Leading article: What are you afraid of, Dave?

We come to the Michael Ashcroft question with the wide-eyed innocence of a 20-year-old voter. What was David Cameron thinking? The Independent on Sunday has been more favourably disposed towards him than towards any previous Conservative leader since we were founded two decades ago. He is more convincingly green, more liberal and more concerned with social justice than his predecessors. He seems refreshingly pragmatic, with an engaging manner and an apparent openness. Thus he brought many voters to first base. This newspaper was ready to consider the Conservative Party's election pitch with an open mind.

The detoxification seemed to have worked. But it was only the start. The next phase was to set out the positive appeal.

Instead, Mr Cameron has embarked on retoxification. We have been reminded that the Tory party is funded and run by rich people who seem to regard the payment of taxes as optional, and whose "patriotic duty" is to find a status that allows them to live in this country when they feel like it. As for openness, it has taken 10 years for Lord Ashcroft, the Tory party deputy chairman, to make a public statement about his tax affairs.

When Mr Cameron became leader, he was well aware of the delicacy of the party's relationship with the billionaire. Within two years Mr Brown was on the verge of calling an election, and the party needed money. What is puzzling is what happened after Mr Brown decided that he needed time to set out his vision. Mr Cameron is understood to have told colleagues that the party had to stop being "dependent" on Lord Ashcroft. Indeed, once the Tories were ahead again in the opinion polls, other donors became willing to dilute that dependency. Yet Mr Cameron failed to take this opportunity to clarify Lord Ashcroft's status.

Lord Ashcroft is not simply a donor. No doubt the Electoral Commission was satisfied that the donations from his company, Bearwood Corporate Services, were permissible (although how it could do so is not clear when it admitted it had been unable to obtain "meaningful information" about the ultimate source of the donations). But he was also elevated to the peerage on the recommendation of Mr Cameron's predecessor and shadow cabinet colleague, William Hague, and given a role in the party, in charge of the targeting operation in marginal seats.

In any circumstances, there was a legitimate public interest in knowing whether he had fulfilled the undertakings he gave as a condition of membership of the House of Lords. That interest was the more compelling because of his role in the Tory party, and yet he resisted it for all that time. He was forced to make a statement last week only because a Freedom of Information request, from a Labour MP in a marginal seat threatened by his campaign, was about to secure publication of his tax status.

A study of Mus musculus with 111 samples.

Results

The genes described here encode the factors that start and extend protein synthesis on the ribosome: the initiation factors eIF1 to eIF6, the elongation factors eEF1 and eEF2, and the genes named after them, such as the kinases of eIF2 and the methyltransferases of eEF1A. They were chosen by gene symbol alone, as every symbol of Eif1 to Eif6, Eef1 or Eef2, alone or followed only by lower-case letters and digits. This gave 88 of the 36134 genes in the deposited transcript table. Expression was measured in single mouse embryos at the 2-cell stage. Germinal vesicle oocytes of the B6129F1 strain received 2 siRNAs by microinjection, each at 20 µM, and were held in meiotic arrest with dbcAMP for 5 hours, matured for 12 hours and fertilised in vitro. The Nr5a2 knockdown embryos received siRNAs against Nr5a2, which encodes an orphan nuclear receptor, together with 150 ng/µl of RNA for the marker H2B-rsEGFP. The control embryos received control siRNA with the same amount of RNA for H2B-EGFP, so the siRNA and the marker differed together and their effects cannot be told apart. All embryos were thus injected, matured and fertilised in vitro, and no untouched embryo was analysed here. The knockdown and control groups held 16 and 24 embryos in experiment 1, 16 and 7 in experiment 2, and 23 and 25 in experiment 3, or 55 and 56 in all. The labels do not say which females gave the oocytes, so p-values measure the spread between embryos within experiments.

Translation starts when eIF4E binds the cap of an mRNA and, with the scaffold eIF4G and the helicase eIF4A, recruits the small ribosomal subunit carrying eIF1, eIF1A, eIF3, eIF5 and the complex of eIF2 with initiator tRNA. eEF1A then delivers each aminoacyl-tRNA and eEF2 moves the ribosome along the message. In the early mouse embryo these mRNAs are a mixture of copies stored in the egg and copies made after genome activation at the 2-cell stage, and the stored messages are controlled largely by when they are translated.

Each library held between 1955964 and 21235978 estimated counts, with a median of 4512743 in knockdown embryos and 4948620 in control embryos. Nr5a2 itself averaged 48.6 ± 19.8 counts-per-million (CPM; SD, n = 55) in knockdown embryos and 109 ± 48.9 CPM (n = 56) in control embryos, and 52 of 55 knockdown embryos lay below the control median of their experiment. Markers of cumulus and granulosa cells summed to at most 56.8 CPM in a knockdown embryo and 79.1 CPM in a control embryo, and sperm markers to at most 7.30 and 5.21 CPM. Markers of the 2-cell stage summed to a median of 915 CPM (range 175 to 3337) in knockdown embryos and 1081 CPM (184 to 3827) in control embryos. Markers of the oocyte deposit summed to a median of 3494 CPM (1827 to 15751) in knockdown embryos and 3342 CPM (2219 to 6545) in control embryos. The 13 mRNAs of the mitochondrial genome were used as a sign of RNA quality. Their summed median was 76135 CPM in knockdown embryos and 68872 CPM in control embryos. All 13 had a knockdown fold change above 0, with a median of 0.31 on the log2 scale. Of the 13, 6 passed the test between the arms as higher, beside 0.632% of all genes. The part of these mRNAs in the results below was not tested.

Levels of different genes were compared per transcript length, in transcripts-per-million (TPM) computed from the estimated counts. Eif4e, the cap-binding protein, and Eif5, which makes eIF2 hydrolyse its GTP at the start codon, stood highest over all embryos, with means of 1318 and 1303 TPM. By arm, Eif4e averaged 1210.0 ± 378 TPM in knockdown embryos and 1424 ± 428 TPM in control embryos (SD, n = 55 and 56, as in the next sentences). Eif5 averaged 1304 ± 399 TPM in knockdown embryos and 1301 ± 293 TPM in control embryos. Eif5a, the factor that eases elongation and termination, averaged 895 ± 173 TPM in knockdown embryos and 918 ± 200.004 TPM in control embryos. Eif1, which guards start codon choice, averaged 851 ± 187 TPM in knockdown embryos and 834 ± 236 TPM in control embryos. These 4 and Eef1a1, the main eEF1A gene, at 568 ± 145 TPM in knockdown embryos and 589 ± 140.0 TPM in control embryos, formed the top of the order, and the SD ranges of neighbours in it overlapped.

What, then, was the Tory leader thinking? Did he imagine that Lord Ashcroft's obfuscation had gone on so long that they could make it to the election without further disclosure? Was he too trusting of a too-trusting Mr Hague? Did he think that it did not matter, or that Lord Ashcroft was too terrifying to sack? Or that it was all jolly awkward and, my goodness, is it time for my next meeting? None of the answers to these questions reflects well on Mr Cameron's judgement. We are told that Mr Cameron had several conversations with Lord Ashcroft about his tax status but "got little by way of response". This is feeble. How difficult can it be to say, even to a difficult and "very private" person: "I am entitled to know and the public is entitled to know, and if you don't accept that then it has been a pleasure working with you"?

The fact that several Labour donors are also non-doms is irrelevant. So they are, but they have always been open about their status. And the Conservative leader makes matters worse by presenting himself as a champion of openness. Two years ago, he set the standard: "Any arrangements we enter into are ones we are prepared to protect and defend in a court of public opinion." Since then, he has fallen short. And he knows it: hence he has turned on the media, accusing them of "flogging a dead horse".

Mr Cameron has, quite unnecessarily, moved his base camp and pitched it several miles farther down the mountain in preparation for his assault on the summit. It makes no sense, and undermines our confidence that he possesses the judgement required to be a successful prime minister.